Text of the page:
Let's say a school has 100 teachers each with 30 students in a classroom. Reduce the faculty by 20 percent, a distinct possibility considering the reality of the state budget, and each class has at least 37.
Or say that 20 teach subjects such as languages or the arts not considered part of the core. Eliminate those positions and students formerly exposed to something beyond the three Rs go to study hall instead.
Either approach has a detrimental effect on students both immediate and lasting because nobody believes New York will recover for many years.
But say that the school took a different approach, a radical one nobody seems to be talking about. Say those 100 teachers all made $100,000 a year but took a 20-percent salary cut, down to $80,000. By accepting less, teachers would help each other by allowing more of their colleagues to keep their jobs. They also would help students if class size and curriculum could remain the same.
Who makes that much? You might be surprised. In some larger districts, including poorer districts such as Newburgh and richer ones such as Monroe-Woodbury, you will find that as you count up the number of teachers making that much and sometimes a significant amount more, you get to 100 and keep on going.
Is it fair to expect teachers to earn less? That depends on how you look at it.
In New York hundreds of thousands are earning nothing these days and they do not know when they will be going back to work. Hundreds of thousands more hold jobs that pay the minimum wage of $15 an hour at best, often without benefits, adding up to an annual paycheck of $31,200.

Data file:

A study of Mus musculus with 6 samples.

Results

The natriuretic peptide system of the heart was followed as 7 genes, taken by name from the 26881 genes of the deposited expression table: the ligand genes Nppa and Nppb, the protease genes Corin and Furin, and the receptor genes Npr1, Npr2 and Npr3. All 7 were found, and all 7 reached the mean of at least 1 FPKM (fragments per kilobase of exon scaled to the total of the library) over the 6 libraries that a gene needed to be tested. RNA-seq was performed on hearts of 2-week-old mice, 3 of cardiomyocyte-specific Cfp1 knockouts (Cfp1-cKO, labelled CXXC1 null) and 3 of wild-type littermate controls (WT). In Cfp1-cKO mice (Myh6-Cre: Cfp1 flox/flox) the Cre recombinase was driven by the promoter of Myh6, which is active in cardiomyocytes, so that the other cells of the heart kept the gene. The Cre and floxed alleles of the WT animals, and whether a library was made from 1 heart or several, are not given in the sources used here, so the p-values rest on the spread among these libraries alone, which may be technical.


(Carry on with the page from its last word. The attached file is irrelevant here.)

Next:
All those people pay taxes and the largest percentage of those taxes goes to fund education. For decades, New York has led the nation in the money it allocates per pupil, routinely spending about double the national average. That figure is driven, in turn, not by the bureaucracy or state mandates but by the amount we pay our teachers who routinely earn about double the national average in wages, benefits and in retirement.
So at a time when millions are sacrificing their livelihood and part of their future with no say in the matter and no good options, it is not unthinkable to ask if teachers and their powerful unions would consider the opportunity to make a difference that will relieve the burden that taxpayers can no longer afford, that the state can no longer supplement and that the federal government has no interest in alleviating.
Those who wonder about the lottery and its contribution need to realize that the money from that source that was promised to go to education is already included. There is no pool of hidden money. There is no more available from the state or federal governments. The state caps property tax increases at 2 percent or less and schools will be lucky to get support for minimum budgets this year.
There is no doubt that school budgets will have to shrink. The only question is who has to sacrifice — students or teachers?